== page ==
Open main menu

Wikimedia Commons β

Mercury-Redstone booster gallery


Booster construction and testingEdit

A Mercury capsule is mounted on a Mercury-Redstone booster, prior to test firing at Marshall Space Flight Center's Redstone Test Stand, circa 1960.

Unmanned Mercury-Redstone launchesEdit

Mercury-Redstone 1Edit

Mercury-Redstone 1, the first attempt to launch a Mercury-Redstone, on November 21, 1960, failed in a quite peculiar fashion.

Mercury-Redstone 2 and Mercury-Redstone Booster DevelopmentEdit

Mercury-Redstone 3 (Freedom 7)Edit

Mercury-Redstone 3 ("Freedom 7"), the first U.S. human space flight, was launched on May 5, 1961, at 9:34 AM EST. It carried astronaut Alan Shepard on a 15-minute sub-orbital flight which reached a height of 116 miles (187 km) and landed 302 miles (486 km) from the launch site.

Prelaunch activitiesEdit


Mercury-Redstone 4 (Liberty Bell 7)Edit

Mercury-Redstone 4 ("Liberty Bell 7") was the second U.S. human space flight. It was launched on July 21, 1961 at 7:20 AM EST, carrying astronaut Gus Grissom to a height of 118 miles (190 km) and landing 302 miles (486 km) from the launch site.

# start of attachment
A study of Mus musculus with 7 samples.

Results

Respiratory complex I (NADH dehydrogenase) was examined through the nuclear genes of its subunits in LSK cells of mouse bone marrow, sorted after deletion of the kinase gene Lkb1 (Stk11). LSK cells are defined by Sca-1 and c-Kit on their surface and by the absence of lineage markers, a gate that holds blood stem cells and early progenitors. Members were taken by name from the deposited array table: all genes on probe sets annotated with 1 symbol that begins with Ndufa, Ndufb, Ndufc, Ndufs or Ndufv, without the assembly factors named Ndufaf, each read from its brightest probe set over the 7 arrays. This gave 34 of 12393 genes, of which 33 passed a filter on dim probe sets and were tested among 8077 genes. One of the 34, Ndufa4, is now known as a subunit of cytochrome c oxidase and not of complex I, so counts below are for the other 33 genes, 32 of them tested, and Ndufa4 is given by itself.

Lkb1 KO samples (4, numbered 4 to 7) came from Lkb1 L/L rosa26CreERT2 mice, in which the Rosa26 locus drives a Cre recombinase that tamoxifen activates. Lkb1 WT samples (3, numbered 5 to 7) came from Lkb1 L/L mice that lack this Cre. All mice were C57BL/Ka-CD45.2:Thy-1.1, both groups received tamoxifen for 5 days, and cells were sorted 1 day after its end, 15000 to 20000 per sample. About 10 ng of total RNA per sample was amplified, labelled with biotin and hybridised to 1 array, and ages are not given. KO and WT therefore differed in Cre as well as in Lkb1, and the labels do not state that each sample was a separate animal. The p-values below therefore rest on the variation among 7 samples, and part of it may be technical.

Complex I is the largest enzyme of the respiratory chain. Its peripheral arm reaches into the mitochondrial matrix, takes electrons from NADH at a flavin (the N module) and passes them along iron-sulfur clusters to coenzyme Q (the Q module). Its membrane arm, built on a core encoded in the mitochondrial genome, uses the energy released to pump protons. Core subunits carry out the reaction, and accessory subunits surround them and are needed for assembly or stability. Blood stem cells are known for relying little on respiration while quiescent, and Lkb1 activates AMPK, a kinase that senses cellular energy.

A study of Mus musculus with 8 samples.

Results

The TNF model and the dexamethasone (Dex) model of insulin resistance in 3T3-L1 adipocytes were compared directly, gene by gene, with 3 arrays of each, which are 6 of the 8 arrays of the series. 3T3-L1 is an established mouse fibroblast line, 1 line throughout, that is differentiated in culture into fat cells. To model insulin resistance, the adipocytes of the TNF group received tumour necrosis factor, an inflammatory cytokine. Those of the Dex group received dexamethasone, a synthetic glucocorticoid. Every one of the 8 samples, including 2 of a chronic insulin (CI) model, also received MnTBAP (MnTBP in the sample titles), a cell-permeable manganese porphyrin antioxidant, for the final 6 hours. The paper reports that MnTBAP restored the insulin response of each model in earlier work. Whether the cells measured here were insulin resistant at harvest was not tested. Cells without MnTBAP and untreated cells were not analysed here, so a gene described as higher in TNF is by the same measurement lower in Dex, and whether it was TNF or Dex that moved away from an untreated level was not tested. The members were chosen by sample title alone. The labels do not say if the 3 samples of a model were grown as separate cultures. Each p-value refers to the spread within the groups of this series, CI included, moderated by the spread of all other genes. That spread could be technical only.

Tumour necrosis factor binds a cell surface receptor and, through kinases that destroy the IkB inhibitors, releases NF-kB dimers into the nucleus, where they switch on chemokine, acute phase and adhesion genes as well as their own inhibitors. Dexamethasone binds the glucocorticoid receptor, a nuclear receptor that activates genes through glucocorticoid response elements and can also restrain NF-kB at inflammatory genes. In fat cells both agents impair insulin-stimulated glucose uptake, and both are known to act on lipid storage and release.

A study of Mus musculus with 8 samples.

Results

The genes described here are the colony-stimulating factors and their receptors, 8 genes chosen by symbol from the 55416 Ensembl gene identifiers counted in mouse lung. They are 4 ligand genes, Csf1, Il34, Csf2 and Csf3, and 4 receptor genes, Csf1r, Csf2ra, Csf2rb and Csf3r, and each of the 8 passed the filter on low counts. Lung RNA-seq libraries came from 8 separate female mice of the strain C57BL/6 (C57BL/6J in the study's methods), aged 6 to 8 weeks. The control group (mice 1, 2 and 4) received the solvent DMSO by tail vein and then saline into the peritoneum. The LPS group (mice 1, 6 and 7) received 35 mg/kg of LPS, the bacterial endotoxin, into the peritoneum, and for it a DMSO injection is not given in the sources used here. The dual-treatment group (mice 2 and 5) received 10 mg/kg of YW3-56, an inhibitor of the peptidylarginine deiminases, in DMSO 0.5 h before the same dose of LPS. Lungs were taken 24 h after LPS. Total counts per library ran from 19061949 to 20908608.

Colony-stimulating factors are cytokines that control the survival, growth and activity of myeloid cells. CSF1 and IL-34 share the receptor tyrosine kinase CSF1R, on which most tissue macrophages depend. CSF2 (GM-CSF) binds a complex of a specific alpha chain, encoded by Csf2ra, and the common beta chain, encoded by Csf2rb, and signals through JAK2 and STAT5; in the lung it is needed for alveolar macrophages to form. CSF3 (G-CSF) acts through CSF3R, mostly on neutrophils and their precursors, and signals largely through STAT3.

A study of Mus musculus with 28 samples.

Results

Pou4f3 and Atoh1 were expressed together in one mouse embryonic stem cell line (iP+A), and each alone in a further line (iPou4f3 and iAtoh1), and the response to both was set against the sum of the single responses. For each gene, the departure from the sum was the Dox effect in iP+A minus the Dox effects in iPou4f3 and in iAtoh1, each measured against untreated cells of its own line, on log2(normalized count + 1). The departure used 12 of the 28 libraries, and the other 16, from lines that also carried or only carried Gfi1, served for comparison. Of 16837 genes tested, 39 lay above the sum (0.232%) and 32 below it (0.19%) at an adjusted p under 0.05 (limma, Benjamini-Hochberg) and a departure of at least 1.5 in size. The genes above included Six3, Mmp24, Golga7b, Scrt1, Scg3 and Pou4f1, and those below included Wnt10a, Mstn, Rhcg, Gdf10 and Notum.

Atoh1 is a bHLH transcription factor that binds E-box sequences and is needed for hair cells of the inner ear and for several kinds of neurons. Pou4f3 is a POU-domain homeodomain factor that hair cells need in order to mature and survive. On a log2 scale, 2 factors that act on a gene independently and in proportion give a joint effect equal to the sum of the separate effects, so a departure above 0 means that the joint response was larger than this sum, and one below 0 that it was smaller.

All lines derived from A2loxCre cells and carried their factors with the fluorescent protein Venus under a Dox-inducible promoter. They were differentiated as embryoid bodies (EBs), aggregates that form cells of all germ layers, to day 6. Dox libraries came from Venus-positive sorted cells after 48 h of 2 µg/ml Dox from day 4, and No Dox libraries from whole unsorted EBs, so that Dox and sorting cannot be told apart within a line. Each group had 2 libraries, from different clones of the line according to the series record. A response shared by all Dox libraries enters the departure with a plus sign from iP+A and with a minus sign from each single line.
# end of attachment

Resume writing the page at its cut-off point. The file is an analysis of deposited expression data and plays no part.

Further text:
Launch preparationsEdit


Display booster at Kennedy Space CenterEdit

Mercury-Redstone booster MR-6 was a production booster that was never launched. Instead it was erected as a permanent display at the Visitor Information Center at Kennedy Space Center (KSC), near Cape Canaveral. The booster stood for many years, until it was toppled by Hurricane Frances in September 2004. As of 2009, MR-6 is in storage awaiting repair.

Technical drawingsEdit

Units and components of the Mercury-Redstone.
The Mercury-Redstone's Rocketdyne A-7 rocket engine, which had 78,000 lbf (350 kN) of thrust at sea level.
Exploded view of Mercury-Redstone booster. The carbon jet vanes in the tail helped to steer the rocket by directing its exhaust stream.